Lament: The Freedom to Feel


We are wired to avoid physical pain. Just watch any toddler touch a hot candle after being told not to. Chances are, he won’t be in a hurry to do it again. Yet physical pain serves a purpose, helping us to focus on the part of our body that needs our attention.

We’re also wired to avoid emotional pain. It’s uncomfortable. But like physical pain, emotional pain exists for a reason, drawing our attention. And just like ignoring physical pain can harm our bodies, we do ourselves a disservice when we experience feelings such as grief, anger, hurt, despair or discouragement and don’t allow them to be acknowledged and processed.

In reality, we can learn a lot from emotional pain and suffering. One of the ways we can do this is through the oft-neglected journey of lament. When we lament, we cry out to God, allowing ourselves to feel and verbalize our pain and sorrow in a raw, unfiltered way. Pastor Dave Lomas calls lament a “prayerful response to the reality of suffering that engages God in the context of pain and trouble” (Lomas, “The Reality Daily”).

There are many biblical examples of lament. Almost one-third of the Psalms are songs of lament. There’s even a whole book called Lamentations. We often skip over these chapters in search of something more encouraging to read. But the journey of lament is a necessary part of our emotional and spiritual health, as we bring our whole selves to God, not just the pretty parts.

Lament has several key components:

Cry Out
Lament begins with a plaintive, desperate cry to God. Many biblical laments start off complaining to God about His seeming absence or indifference, as in Psalm 13:1a, “How long, Lord? Will you forget me forever?” Or Psalm 22, quoted by Jesus as He was suffering on the cross, which begins, “My God, my God, why have you forsaken me?”

Lament then moves into pouring our heart out to God in a raw, honest way. In Psalm 6:6, David cries out to God and is unashamed of his anguish, “I am weary with my moaning; every night I flood my bed with tears; I drench my couch with my weeping.” Verbalizing our emotions, our disappointments and our anger is a critical part of lament, whether we are feeling our own pain or feeling outrage on behalf of someone else.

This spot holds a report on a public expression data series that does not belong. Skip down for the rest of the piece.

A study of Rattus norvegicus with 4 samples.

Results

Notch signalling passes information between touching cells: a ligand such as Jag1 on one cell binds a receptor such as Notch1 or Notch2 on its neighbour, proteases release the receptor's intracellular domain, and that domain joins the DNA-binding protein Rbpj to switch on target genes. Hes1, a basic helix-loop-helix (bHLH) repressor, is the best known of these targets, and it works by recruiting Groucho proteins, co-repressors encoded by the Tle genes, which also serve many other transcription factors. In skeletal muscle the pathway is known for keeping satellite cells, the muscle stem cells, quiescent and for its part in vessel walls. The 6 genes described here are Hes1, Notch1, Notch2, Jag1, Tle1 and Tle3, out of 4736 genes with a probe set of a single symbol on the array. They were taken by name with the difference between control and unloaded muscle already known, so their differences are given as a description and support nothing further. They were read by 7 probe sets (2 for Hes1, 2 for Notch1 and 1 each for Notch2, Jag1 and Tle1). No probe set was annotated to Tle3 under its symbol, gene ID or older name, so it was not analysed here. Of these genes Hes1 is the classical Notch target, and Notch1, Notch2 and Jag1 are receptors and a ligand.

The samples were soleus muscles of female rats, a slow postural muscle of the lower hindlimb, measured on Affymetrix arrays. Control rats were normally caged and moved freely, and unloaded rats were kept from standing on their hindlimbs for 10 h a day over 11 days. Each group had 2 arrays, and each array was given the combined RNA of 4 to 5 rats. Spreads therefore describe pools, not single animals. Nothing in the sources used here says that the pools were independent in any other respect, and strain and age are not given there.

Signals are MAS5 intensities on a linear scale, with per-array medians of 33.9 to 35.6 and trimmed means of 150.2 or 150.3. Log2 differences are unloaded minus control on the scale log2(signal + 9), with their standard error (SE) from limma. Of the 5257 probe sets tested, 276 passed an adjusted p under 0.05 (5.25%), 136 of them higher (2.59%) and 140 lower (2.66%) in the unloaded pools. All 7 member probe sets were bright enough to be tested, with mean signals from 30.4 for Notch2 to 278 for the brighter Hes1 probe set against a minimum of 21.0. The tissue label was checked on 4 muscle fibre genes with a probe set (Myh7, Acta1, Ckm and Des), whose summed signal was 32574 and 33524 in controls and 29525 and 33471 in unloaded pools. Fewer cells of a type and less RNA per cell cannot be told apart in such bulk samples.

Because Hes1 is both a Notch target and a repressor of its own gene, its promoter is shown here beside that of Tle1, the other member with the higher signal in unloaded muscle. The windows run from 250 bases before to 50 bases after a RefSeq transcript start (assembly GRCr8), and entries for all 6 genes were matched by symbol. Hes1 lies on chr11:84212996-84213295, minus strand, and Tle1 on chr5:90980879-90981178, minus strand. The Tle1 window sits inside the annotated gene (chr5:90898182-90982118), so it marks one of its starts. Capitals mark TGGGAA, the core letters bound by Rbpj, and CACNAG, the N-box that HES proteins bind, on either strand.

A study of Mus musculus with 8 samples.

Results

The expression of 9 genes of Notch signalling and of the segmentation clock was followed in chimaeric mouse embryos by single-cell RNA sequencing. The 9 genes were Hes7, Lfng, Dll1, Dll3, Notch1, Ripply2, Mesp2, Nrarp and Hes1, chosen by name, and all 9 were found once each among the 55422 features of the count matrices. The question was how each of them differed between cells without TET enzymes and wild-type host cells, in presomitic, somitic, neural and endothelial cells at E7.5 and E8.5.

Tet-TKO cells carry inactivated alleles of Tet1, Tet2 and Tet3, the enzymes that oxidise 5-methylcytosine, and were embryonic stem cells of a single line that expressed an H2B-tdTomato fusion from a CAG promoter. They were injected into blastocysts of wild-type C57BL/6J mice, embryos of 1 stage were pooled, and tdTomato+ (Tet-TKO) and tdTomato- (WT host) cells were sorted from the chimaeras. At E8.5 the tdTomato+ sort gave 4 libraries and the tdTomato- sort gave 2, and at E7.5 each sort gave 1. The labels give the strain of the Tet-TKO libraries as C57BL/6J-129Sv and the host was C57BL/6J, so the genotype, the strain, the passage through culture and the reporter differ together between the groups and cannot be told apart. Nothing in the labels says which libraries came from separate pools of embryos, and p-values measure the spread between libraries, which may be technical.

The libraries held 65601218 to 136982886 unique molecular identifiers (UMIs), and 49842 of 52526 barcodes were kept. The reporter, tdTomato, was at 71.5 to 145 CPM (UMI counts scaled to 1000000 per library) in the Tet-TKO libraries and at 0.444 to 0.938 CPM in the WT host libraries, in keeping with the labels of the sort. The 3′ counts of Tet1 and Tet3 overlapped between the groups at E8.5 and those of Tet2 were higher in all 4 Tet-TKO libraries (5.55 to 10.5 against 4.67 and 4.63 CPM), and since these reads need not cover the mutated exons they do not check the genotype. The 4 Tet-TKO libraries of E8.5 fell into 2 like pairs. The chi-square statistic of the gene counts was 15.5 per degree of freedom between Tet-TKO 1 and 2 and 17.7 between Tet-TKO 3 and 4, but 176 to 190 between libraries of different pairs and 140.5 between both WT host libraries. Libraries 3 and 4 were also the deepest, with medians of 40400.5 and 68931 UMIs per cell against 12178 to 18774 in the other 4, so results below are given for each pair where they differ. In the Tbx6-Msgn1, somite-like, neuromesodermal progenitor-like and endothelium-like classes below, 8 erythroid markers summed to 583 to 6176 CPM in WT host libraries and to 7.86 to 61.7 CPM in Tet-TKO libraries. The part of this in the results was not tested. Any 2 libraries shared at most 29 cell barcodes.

A number of years ago, my husband and I went through a difficult season where our faith in God was severely tested. We’d felt called to step out in faith and pursue a dream, only to have it come crashing down around our heads a short time later. I spent months crying out to the Lord. But I found comfort in the fact that I was still on speaking terms with God, even if I was mostly shouting at Him in rage.

Lament allows us to continue our relationship with God, even when He is the perceived source of our pain and disappointment. We can find comfort in the many examples throughout the Bible of this honest dialogue with our loving Father.

The next part of lament is where we ask God for help. In the Psalms, we see the writers asking God for help, deliverance, strength or even just a listening ear. Where are we needing God’s intervention in our trouble? Maybe we desire justice on someone’s behalf, or we need strength. Perhaps we are asking God to simply hold our head up so we don’t drown in our sorrow. Bring God into your pain and ask Him for what you specifically need today.

Trust and Praise
Lament is more than just expressing pain and sitting in it – it’s different than wallowing. Most biblical laments have a crucial turning point, a moment where the writer shifts focus from their own complaint to stating their continued trust and hope in God. In Lamentations 3, Jeremiah says, “But this I call to mind, and therefore I have hope: The steadfast love of the Lord never ceases; his mercies never come to an end; they are new every morning; great is your faithfulness.” (Lam. 3:21-23)

Expressing our hope and trust in God may be difficult if we are in so much anguish that all we can see is our current trouble. But this is the beauty of lament – it helps us to tie our present hurts into both the past and the future. We look back and praise God for how He has been faithful in the past. And we look forward and declare our hope in Him for our future.

Worship leader and author Stacey Gleddiesmith describes biblical lament as “an honest cry to a God who is powerful, good, and just—a cry that this situation is not in alignment with God’s person or purposes. [Lament is] a cry that expects an answer from God, and therefore results in hope, trust, and joy rather than despair” (Gleddiesmith, “My God, My God, Why? Understanding the Lament Psalms“).  Lament is a journey, with movement – it begins with honestly expressing everything we are feeling, but it ends in a place of hope. In lament, we find our freedom to feel.